By Dr. Sarah Foster
Project Seahorse researcher Sarah Foster says most of the shrimp we eat are unsustainably harvested. For every kilogram of tropical shrimp caught through trawling the bottom of the ocean, 10 kilograms of other marine life is killed. To protect ocean health, Foster argues that we have to be smart about the shrimp we eat.
How does shrimp harvesting impact our oceans?
Each year around World Oceans Day my family and friends ask what they can do to make a difference to the health of our oceans. My answer: don’t eat shrimp or prawns–unless you know they have been sustainably sourced. Most aren’t.
Where do most of our shrimp come from?
Almost all shrimp you buy or get served come from tropical trawl fisheries. This fishing technique “clear cuts” the ocean floor, catching shrimp and everything else in its path. An average of 10 kilos of other marine life is captured and killed for every kilo of tropical shrimp landed. Some of this “other catch” or “bycatch” is kept and sold, but most is turned into fishmeal or fish oil for fertilizer and aquaculture practices. Many of these species could be sources of food for humans but reducing them to plant or animal feed redirects key protein sources away from the people who need it.
The total area of seabed trawled each year is nearly 150 times the area of forest that is clear cut. We criticize clear cutting forests so why don’t we fuss about clear cutting the ocean floor?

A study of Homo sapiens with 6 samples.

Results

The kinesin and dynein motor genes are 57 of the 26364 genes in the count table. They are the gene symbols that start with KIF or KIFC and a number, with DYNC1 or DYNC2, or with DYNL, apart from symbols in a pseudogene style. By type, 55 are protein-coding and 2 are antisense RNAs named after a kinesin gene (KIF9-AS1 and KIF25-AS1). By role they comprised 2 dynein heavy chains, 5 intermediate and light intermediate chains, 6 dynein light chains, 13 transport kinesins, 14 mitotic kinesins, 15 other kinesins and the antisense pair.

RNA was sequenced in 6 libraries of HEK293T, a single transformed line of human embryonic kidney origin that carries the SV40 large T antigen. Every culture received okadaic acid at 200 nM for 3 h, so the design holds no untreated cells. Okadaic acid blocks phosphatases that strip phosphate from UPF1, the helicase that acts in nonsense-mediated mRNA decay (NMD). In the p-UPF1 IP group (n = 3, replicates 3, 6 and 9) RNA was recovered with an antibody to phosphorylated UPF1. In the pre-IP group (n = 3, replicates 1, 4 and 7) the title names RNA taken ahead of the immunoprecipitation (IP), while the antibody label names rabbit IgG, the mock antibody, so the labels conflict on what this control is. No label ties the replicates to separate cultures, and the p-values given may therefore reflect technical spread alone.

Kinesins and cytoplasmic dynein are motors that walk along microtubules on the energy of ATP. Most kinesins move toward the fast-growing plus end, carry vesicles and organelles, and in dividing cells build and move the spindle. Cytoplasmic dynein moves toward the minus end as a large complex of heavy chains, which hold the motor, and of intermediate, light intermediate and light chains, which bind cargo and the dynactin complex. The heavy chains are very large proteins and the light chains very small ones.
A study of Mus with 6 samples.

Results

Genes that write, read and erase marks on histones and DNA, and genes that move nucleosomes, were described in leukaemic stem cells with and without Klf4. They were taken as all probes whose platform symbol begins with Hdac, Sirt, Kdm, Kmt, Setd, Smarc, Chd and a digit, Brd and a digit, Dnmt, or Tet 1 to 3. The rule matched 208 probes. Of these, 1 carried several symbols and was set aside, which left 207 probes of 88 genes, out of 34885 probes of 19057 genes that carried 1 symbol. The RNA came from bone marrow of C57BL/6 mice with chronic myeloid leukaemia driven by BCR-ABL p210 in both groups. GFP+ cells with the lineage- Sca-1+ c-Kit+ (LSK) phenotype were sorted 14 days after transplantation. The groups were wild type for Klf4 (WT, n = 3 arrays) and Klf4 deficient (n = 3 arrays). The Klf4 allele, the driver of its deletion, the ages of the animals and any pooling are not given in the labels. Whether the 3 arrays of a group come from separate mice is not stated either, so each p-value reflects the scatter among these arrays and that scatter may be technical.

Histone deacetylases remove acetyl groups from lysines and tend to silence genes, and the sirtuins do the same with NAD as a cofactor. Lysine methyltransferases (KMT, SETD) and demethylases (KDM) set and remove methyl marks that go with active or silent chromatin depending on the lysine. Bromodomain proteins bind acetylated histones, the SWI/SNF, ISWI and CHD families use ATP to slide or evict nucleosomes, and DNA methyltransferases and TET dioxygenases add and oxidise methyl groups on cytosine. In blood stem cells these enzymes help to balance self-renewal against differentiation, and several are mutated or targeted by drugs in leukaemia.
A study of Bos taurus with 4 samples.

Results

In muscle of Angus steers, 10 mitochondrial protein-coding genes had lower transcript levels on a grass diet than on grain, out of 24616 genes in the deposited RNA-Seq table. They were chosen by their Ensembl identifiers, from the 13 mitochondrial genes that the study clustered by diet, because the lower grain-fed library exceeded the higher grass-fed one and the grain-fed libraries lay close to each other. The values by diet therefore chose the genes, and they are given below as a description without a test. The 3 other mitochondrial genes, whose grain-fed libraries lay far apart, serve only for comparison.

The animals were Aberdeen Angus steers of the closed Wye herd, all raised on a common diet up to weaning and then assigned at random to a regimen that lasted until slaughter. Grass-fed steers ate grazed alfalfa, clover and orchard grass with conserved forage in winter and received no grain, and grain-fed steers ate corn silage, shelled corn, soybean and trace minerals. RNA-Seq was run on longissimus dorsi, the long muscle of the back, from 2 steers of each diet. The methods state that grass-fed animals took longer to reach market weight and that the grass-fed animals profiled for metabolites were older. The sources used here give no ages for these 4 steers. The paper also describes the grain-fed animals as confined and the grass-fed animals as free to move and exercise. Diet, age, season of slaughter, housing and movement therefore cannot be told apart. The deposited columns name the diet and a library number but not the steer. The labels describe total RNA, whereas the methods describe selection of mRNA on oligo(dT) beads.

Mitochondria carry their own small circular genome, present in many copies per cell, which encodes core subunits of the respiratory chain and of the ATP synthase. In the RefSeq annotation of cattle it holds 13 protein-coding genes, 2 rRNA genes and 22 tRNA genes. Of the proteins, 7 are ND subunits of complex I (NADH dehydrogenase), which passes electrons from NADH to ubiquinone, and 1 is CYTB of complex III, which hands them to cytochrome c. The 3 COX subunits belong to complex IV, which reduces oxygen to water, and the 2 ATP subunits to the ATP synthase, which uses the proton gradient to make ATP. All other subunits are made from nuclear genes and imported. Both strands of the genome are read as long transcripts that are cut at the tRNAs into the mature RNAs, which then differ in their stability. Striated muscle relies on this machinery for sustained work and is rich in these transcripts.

Is farmed shrimp a sustainable alternative?
Most shrimp farming is as bad, if not worse, as bottom trawling. Shrimp ponds have destroyed thousands of kilometres of coastal habitats around the world, particularly mangroves, which serve as nurseries to many marine species and help buffer coastal communities from powerful storms. Shrimp farming also pollutes adjacent waters with chemicals and waste, and the salt from the ponds can turn productive land into a desert.
How can we end ocean clear cutting?
Something has to make trawlers change their practice. By buying and eating sustainably sourced shrimp you can help provide the incentive. Shrimp trawlers around the world now carry Turtle Excluder Devices because the U.S. won’t import their shrimp if they don’t, although implementation remains a huge challenge.
Let’s give fisheries an incentive to protect the rest of the bycatch species. Be smart about the shrimp you eat. Thankfully in Canada this is easier than in many places. Most of Canada’s shrimp fisheries are considered to be ecologically sustainable with minimal bycatch. Canada is home to one of the most sustainable prawn fisheries in the world – the B.C. spot prawn fishery. This fishery uses traps that do not result in as much bycatch or habitat damage. We also have programs like Oceans Wise that tell you if the shrimp you want to buy for the barbecue or order in a restaurant won’t harm the oceans they come from.
Yes, you will pay more for the shrimp you eat but the oceans will pay less for your choices. Your gain is that you will be able to appreciate and eat other marine life for much longer.